Citing Burnout and Low Pay, a Fifth of Museum Workers Don’t Expect to Remain in the Field Long-Term, a Survey Says

The American Alliance of Museums has published a new report on the impact of lockdown on the museum community.

A security guard stands at his post as the Metropolitan Museum of Art in New York. Photo by Kena Betancur/AFP via Getty Images.

A fifth of museum staff and students surveyed by the American Alliance of Museums don’t expect to be working in the sector three years from now. The striking figure is part of a broader report released by the organization this week about the state of the field—and it makes clear that museums and their workers will continue to cope with the effects of the global health crisis for some time to come.

Fifty-seven percent of those surveyed cited burnout and 59 percent cited compensation as reasons for shifting career paths.

Meanwhile, almost a quarter of museum employees surveyed found themselves out of work at some point over the past year, with five percent still unemployed. More than 40 percent reported lost income, averaging 31 percent of their salaries or $21,191.

The report on the impact of the pandemic on the museum community is based on the results of a survey conducted last month. But the figures likely do not paint a complete picture of the number of museum workers whose employment was impacted by the pandemic, as the survey was more likely to reach current employees, rather than those no longer on staff, and middle and upper management, rather than frontline workers, who bore the brunt of most staffing cuts.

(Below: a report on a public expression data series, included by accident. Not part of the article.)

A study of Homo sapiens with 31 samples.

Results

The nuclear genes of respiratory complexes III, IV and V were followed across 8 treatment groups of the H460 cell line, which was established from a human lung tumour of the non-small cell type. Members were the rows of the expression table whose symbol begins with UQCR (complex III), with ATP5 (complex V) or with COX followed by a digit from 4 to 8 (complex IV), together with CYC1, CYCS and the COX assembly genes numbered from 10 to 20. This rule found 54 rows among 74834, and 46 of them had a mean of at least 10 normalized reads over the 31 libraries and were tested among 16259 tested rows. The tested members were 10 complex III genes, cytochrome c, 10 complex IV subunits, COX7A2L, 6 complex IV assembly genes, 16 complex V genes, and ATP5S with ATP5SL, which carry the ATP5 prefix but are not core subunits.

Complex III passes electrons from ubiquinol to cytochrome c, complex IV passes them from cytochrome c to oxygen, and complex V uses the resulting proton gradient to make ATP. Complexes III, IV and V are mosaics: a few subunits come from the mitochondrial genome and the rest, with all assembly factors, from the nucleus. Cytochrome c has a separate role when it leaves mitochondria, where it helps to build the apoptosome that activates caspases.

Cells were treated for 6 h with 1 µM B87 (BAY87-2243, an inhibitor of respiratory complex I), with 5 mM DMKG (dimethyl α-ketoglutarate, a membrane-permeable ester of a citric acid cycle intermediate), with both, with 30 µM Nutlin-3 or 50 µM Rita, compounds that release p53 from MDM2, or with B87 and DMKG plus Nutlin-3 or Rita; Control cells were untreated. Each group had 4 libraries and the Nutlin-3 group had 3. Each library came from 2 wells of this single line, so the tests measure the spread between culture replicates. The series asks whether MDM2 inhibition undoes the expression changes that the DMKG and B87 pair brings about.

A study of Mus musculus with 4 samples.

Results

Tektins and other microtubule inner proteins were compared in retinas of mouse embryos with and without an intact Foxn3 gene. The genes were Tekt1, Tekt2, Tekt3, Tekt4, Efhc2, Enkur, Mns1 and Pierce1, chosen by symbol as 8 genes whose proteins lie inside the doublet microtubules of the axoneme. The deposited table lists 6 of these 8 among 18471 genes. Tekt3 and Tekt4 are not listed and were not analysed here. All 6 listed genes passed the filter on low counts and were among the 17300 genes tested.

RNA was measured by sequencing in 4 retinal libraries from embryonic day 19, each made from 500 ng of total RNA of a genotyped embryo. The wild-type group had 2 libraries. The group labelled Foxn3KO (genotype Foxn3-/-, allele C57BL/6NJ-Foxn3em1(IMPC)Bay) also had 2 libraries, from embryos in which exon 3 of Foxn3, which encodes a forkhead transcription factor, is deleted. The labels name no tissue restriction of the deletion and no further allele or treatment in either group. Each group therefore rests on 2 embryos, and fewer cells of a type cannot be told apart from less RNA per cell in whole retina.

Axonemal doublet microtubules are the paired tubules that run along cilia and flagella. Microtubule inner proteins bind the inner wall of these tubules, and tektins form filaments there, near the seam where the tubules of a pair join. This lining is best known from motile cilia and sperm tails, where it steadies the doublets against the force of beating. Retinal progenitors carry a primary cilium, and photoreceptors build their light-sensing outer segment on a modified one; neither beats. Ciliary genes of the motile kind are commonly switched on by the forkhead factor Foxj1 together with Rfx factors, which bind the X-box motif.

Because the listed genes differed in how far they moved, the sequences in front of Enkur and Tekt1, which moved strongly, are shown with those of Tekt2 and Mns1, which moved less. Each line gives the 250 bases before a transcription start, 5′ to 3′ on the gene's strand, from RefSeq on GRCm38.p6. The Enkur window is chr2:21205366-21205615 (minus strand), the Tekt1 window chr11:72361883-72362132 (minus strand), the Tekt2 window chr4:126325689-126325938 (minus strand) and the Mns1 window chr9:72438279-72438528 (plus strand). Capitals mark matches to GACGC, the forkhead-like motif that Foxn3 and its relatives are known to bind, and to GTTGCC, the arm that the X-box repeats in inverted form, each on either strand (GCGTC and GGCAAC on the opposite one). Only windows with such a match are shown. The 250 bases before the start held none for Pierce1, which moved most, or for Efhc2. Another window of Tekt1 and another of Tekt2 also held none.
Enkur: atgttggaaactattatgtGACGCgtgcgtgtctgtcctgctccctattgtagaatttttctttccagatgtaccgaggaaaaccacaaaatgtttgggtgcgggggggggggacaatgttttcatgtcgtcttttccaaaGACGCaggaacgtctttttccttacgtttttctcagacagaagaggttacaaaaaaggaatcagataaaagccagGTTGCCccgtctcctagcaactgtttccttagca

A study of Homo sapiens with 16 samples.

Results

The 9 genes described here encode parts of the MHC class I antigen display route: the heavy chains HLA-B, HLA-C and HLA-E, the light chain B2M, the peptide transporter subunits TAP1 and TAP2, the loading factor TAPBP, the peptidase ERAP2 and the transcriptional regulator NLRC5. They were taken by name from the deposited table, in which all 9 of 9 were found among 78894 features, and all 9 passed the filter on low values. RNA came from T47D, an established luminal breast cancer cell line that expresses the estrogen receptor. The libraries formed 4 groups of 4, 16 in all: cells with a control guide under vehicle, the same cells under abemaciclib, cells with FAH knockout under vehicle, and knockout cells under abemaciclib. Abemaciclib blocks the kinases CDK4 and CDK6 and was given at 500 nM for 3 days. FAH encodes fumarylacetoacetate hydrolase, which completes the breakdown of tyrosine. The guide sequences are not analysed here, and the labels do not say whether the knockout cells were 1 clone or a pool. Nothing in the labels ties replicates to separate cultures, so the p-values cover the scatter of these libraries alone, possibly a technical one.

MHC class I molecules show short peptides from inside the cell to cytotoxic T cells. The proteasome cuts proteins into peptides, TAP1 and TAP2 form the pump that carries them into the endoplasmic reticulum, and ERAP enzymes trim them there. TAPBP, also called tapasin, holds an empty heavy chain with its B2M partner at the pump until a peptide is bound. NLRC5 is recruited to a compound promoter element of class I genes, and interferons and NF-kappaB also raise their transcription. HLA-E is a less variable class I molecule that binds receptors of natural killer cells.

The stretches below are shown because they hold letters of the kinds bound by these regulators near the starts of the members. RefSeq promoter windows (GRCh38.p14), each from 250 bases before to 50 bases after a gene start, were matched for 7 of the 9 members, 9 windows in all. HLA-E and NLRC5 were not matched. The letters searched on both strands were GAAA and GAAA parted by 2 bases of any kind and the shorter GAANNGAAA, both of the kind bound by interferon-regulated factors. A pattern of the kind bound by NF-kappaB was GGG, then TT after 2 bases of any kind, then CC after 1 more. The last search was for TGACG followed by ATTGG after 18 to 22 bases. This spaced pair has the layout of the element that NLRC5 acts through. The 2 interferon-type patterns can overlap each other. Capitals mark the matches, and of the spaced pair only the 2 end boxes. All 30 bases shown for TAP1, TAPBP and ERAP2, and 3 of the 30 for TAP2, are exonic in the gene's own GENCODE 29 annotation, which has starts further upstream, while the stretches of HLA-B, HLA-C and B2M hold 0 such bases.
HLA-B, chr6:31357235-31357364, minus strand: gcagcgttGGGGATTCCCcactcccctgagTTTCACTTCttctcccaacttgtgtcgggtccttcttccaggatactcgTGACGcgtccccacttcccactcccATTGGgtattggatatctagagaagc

A security guard stands in the doorway at the Metropolitan Museum of Art in New York. Photo by Timothy A. Clary/AFP via Getty Images.

A security guard stands in the doorway at the Metropolitan Museum of Art in New York. Photo by Timothy A. Clary/AFP via Getty Images.

Part-time staff were struggling the most, with 21 percent living paycheck to paycheck.

“Since the pandemic began, the Alliance has successfully advocated for billions of dollars of Federal relief funding which has sustained thousands of museum jobs,” Laura Lott, president and CEO of AAM, said in a statement. “As we recover and rebuild, we must focus on equity, empathetic leadership, and actions that support the people who make museums possible. The resiliency and future vitality of our field relies on them.”

The report also examined the experiences of BIPOC workers, who represented just 20 percent of respondents, and were more likely to have been under financial stress at some point over the last year. Women, who made up 78 percent of respondents, were more likely to have experienced an increased workload and a loss of salary or benefits than their male counterparts.

Beyond its financial effects, the pandemic took a toll on workers’ mental health and wellbeing, with respondents rating its impact at nearly a seven out 10 on average.

Looking to the future, student respondents were particularly unsure about their career outlook, with 92 percent believing they were unlikely to be able to find museum jobs and 78 percent doubting their ability to get a museum job with sufficient compensation.

But despite it all, some are keeping a positive outlook, with 57 percent calling themselves cautiously optimistic, and 7.5 percent very optimistic.

Conducted between March 9 and 17, the survey had 2,666 responses, representing only a fraction of the 726,000 jobs in the museum sector pre-pandemic.